Wednesday, May 25, 2011

Oh, I Guess I Might as Well Say Something About This...

 I was starting to feel a little left out of the current mini-debate going on over the upcoming (and, might I add, welcome) Blu-ray release of Barry Lyndon, which has long been my favorite Kubrick film. It's a little complicated to explain, but it mostly concerns the issue of whether Kubrick always intended for the film to be shown in a 1.66 or a 1.78 ratio. Jeff Wells fired the opening salvo. Glenn Kenny of the estimable Some Came Running replied. Then there was some further confusion. And now, it appears that Glenn has settled the matter by talking with Leon Vitali, who played Lord Bullingdon in the film and then went on to become Kubrick's assistant on subsequent films. Vitali said in an interview with Glenn:

Well I can tell you what now, okay; never was it ever 1.66, it wasn’t shot in 1.66, we never released it in 1.66 in any format whether it’s film or television or DVD. It was 1.77.  It was shot it…I mean , the difference between 1.77 and 1.78 is miniscule, you couldn’t see it with a magnifying glass. And anyone who thought it was meant to be in 1.66 is sadly delusioned. Seeing as I was there, at every stage of it; shooting and everything, I should know.

As well he should. And I love Leon Vitali to death (c'mon, he was "Red Cloak"!) but I may have to take exception to his claim that the film wasn't actually shot in 1.66 or ever released on DVD in 1.66, at the very least. Because, as far as I can tell, the old DVD was released in 1.66, and does appear to have more information in the frame than the current 1.78 Blu-ray. To wit:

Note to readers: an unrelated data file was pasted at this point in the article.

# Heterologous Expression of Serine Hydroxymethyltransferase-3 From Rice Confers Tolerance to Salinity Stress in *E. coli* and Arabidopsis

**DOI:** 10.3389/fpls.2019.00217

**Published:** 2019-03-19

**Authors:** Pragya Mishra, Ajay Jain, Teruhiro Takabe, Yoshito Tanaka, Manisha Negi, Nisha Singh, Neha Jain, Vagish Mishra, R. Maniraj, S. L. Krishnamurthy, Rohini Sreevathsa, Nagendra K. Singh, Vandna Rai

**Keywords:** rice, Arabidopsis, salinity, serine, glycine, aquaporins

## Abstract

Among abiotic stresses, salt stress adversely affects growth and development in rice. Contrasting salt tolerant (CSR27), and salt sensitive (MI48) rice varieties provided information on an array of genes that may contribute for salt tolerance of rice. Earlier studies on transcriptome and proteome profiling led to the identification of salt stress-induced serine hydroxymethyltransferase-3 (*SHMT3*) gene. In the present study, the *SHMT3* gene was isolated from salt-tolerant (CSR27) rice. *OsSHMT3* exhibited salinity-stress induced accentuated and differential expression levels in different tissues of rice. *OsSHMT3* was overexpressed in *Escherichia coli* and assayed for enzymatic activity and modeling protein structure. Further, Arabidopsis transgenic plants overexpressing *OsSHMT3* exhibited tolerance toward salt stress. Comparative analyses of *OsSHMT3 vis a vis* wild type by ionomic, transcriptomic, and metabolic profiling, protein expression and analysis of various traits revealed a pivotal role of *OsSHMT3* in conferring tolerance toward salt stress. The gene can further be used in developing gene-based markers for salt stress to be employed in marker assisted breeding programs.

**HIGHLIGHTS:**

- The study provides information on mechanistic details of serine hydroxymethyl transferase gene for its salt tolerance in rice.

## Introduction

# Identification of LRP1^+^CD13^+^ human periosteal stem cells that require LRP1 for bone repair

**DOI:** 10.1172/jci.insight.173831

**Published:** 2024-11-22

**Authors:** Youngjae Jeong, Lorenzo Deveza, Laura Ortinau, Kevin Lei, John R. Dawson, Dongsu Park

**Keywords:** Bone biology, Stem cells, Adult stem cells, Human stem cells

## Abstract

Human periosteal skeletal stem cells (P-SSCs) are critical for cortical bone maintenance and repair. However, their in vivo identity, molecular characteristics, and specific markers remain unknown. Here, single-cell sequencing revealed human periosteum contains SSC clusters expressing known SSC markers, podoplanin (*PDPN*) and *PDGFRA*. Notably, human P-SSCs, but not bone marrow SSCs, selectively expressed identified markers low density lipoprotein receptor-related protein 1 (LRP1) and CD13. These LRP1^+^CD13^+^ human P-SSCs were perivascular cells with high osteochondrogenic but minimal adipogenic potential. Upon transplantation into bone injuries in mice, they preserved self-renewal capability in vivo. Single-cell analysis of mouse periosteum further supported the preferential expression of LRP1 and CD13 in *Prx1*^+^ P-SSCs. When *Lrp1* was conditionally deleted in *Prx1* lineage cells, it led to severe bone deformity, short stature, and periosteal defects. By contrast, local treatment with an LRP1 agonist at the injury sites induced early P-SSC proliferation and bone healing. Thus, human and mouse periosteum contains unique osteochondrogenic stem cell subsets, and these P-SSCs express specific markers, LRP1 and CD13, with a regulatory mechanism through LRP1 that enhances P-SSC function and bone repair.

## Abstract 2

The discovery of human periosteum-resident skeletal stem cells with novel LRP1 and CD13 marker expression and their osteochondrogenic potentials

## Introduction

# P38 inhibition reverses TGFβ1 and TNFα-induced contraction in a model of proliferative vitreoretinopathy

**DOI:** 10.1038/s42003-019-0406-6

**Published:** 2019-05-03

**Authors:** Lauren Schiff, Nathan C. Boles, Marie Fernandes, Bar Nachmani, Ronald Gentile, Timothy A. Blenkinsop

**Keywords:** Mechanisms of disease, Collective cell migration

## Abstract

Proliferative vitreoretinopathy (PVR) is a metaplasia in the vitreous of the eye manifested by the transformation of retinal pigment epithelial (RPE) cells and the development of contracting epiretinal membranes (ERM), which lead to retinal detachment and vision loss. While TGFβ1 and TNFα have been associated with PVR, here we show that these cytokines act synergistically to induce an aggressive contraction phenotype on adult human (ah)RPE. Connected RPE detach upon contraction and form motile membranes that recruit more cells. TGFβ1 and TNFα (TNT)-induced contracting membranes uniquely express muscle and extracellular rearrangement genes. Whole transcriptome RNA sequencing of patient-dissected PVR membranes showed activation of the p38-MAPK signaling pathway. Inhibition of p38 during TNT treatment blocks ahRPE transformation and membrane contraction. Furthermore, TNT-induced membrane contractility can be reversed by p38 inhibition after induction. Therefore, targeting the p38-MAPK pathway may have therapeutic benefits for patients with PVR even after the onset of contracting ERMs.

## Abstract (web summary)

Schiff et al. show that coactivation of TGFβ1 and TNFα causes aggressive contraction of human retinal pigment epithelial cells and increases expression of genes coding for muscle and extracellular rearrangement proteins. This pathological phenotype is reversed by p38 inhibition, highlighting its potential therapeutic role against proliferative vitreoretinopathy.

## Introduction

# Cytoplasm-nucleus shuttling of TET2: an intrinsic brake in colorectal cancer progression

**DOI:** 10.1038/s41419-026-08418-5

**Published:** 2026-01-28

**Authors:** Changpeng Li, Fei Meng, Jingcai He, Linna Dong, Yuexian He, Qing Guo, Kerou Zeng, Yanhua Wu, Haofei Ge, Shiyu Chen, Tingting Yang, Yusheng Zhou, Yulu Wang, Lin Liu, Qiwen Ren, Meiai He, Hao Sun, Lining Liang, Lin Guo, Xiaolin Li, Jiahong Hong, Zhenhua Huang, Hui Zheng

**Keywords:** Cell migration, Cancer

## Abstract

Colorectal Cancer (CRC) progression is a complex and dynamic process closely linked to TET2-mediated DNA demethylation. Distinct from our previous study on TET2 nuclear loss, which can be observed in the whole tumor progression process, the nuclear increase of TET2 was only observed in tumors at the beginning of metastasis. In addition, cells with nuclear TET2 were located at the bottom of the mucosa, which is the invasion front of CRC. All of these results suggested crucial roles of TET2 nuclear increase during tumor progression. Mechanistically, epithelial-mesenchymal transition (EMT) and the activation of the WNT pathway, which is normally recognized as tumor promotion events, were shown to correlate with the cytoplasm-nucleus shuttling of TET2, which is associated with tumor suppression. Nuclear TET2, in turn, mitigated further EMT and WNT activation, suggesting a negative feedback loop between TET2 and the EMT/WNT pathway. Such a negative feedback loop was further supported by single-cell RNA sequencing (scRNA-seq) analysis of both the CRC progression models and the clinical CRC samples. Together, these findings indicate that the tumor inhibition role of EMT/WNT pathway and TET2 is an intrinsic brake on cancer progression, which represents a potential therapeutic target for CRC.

The old DVD release (1.66) - note the information in the top right corner

The new Blu-ray (1.78) - note the same top right corner

My Blu-ray hasn't arrived yet, so I took that bottom screenshot from the usually-reliable DVDBeaver website, which is generally quite anal about such things. And that image is 1.78, at least according to my calculator. It's certainly conceivable, probably even likely, that Kubrick intended Barry Lyndon to be projected at 1.78. But the DVD was 1.66, and so was the old laserdisc, which was released while Kubrick was very much alive and in control of such things. Indeed, I had the sneaking suspicion that the old laserdisc seemed to say something about Kubrick's supervision, so I went ahead and asked an eBay seller who currently has a copy of the LD up for sale (I think I got rid of mine years ago), and here's what he told me the backcover says: "Transferred under the supervison of Mr. Kubrick, 'Barry Lyndon' is presented in a matted widescreen format preserving the aspect ratio of its original theatrical presentation." So at some point the 1.66 release was, in fact, acceptable to Mr. Kubrick.

I should also clarify, however, that this is not actually an issue that bugs me too much. Despite my utter obsession with Barry Lyndon (you can read an interesting piece on it I wrote in college over here) I'm totally fine with it being cropped to 1.78. I recently saw the film projected at the historic Loews Jersey Theatre, and I'm pretty sure it was slightly matted. And it was still awe-inspiring...


  1. For what it's worth, this issue has been discussed in the Kubrick newsgroup since March 30, nearly 2 months before Wells or Kenny started talking about it.

  2. I'm sure it has. But alas, I don't spend much time in my old stomping grounds nowadays...

  3. The Loew's Jersey show would have been 1.85 as they don't have screen masking, aperture plates or lenses to present 1.66. As a matter of fact, due to their severe projection angle, you were missing about 2 feet on each side of the image (on about the bottom third of the screen) as well, due to the aperture plate opening needing to be shaped like a trapezoid rather than a rectangle. One thing to remember is that just because the screen is the right shape doesn't mean you're seeing the whole image. And that applies to just about any theater.

  4. I was also missing a sizable chunk of the image right in the middle of the frame thanks to the head of the guy sitting in front of me. But them's the breaks...

  5. Mr Ebiri, thanks you so very very much for keeping this very important issue alive.